From Emanuel Memories, 1776-1976. . .
Some 250 years ago the Lower Creek Indians lived in the territory of Georgia now known as Emanuel County. They hunted deer and other wild game for food and pelts; held their War and Green Corn dances: fished the Ohoopee and the Cannoochee rivers; roamed the forest; loved, hated and passed on, leaving evidence of their arrowheads and other relics still found today.
Located in the Northeast portion of Emanuel County, the oldest man-made structure in Emanuel County is believed to be the long, low dam at McKinney's Pond. There is no record of the erection of McKinney's Pond Dam. Tradition has it that the stream was dammed by beavers first and that the Indians hauled dirt to the site to strengthen and improve the structure. Later white men did the same.
When all this occurred no one knows, but specialists with the State of Georgia have estimated the ages of the trees now growing on the dam to be over 300 years old.
Eventually, white men arrived in the area seeking furs, gold, adventure or a place to settle. Drawn by the prospect of land of their own and beneficial fur trade, early settlers from Savannah and the Carolinas began to move westward and southward primarily along water routes.
By 1741 it was deemed in the interest of good government to divided the Georgia Colony at Savannah into two counties: Frederica and Savannah. The latter included all settlements on the Savannah River and on both banks of the Great Ogeechee River. This two counties were subdivided into districts. Still later these districts were divided into parishes for establishment of religious worship according to the rites and ceremonies of the Church of England.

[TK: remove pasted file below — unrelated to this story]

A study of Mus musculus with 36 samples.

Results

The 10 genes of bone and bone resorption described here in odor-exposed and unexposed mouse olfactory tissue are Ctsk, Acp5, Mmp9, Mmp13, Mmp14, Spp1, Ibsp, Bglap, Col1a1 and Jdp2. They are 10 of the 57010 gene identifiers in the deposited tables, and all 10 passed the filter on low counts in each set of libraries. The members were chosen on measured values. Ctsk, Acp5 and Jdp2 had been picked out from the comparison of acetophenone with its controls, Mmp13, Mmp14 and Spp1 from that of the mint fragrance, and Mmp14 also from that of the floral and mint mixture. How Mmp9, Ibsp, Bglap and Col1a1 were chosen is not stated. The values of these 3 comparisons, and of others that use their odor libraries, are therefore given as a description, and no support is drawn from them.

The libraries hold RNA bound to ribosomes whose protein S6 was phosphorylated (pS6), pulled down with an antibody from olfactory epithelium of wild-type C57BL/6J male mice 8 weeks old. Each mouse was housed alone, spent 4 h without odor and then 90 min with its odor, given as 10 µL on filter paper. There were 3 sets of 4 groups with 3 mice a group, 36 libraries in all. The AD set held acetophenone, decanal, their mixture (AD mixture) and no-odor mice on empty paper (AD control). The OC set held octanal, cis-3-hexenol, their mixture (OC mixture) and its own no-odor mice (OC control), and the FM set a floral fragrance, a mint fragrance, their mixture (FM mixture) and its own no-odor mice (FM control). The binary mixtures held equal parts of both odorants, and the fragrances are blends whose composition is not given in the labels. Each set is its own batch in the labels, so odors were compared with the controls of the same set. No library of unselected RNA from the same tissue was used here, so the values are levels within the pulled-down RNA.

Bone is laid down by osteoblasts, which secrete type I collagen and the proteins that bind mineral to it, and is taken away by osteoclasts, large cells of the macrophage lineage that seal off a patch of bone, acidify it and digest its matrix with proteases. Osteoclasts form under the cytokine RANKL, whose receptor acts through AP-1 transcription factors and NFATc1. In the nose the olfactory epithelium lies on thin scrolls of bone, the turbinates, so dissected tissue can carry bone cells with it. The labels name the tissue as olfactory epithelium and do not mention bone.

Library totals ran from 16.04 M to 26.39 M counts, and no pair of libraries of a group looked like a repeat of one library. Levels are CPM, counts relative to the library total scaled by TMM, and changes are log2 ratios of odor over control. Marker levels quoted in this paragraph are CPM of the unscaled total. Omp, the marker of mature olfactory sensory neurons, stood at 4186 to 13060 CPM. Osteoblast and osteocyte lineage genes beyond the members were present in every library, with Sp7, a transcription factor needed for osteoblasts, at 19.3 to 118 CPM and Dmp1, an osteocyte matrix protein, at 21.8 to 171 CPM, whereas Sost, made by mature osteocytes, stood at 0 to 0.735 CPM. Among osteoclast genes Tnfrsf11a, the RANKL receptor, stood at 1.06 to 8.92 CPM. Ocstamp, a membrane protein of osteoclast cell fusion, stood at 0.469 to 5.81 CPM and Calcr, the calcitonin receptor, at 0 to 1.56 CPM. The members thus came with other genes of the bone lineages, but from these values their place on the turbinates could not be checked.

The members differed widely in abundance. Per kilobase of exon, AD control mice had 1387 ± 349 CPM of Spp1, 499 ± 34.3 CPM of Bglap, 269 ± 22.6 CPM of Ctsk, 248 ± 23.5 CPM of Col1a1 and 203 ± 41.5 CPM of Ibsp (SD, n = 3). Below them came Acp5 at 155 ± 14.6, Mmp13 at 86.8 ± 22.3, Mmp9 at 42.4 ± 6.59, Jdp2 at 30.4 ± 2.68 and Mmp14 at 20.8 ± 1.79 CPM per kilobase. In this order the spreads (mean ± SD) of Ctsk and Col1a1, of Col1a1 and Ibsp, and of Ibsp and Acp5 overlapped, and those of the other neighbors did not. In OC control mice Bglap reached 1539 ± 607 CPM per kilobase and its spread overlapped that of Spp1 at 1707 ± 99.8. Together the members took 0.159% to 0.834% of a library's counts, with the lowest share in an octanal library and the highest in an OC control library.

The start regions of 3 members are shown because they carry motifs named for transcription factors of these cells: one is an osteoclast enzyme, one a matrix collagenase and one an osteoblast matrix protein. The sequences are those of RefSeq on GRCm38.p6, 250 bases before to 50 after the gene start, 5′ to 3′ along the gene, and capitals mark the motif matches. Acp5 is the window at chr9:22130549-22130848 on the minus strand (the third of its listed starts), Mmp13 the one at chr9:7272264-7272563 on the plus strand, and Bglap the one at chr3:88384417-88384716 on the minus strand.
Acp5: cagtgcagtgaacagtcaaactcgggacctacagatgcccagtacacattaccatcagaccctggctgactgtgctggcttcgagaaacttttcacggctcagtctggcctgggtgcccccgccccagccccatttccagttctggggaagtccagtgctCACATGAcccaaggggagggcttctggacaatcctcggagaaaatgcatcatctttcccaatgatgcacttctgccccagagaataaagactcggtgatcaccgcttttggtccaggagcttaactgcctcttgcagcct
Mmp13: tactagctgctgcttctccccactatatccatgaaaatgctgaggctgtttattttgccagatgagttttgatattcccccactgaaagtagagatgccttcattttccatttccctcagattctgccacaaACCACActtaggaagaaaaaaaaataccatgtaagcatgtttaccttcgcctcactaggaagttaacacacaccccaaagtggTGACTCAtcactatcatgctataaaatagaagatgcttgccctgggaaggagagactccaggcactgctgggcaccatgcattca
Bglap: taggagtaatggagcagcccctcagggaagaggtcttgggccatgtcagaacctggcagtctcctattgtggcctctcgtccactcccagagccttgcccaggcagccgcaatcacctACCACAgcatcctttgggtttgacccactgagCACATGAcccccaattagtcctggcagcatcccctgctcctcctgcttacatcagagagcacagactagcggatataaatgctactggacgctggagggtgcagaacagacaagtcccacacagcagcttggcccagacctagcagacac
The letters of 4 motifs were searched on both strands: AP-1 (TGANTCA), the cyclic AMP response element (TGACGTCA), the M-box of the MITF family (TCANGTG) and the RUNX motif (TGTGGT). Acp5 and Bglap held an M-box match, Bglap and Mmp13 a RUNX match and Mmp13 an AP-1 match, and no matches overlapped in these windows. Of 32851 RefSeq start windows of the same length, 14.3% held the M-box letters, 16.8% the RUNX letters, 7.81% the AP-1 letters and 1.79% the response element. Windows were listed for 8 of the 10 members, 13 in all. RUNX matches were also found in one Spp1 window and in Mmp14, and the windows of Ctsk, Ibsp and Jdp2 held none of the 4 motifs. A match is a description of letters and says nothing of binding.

In 1777 the parishes were replaced by counties, this being ratified by the first State Constitutional Convention in Savannah. The section of Georgia now known as Emanuel County became a part of Washington County. From Washington County, at a later date, was formed Montgomery County with its county seat at one time located within five miles of Swainsboro.
Official creation of Emanuel County was in 1812, when the Georgia Legislature authorized it to be cut from territory that was part of Bulloch and Montgomery counties. The idea for forming the county is attributed to Stephen Swain, who had been elected in 1812 to represent Montgomery County in the Georgia Senate.
Swain was the youngest son of Stephen Swain Sr., a veteran of the Revolutionary War who had moved to Georgia in 1790. The elder Swain received a grant of 200 acres of land on the Ohoopee River in old Washington County.
In November 1812, Swain introduced a bill to create the new county. The bill passed with no opposition.
Emanuel County was named for one of Georgia's most obscure and least known Governors, David Emanuel. The son of John Emanuel, the family came to Georgia from Lunenburg County, Virginia around 1756.
The City of Swainsboro is the county seat and is named for Stephen Swain.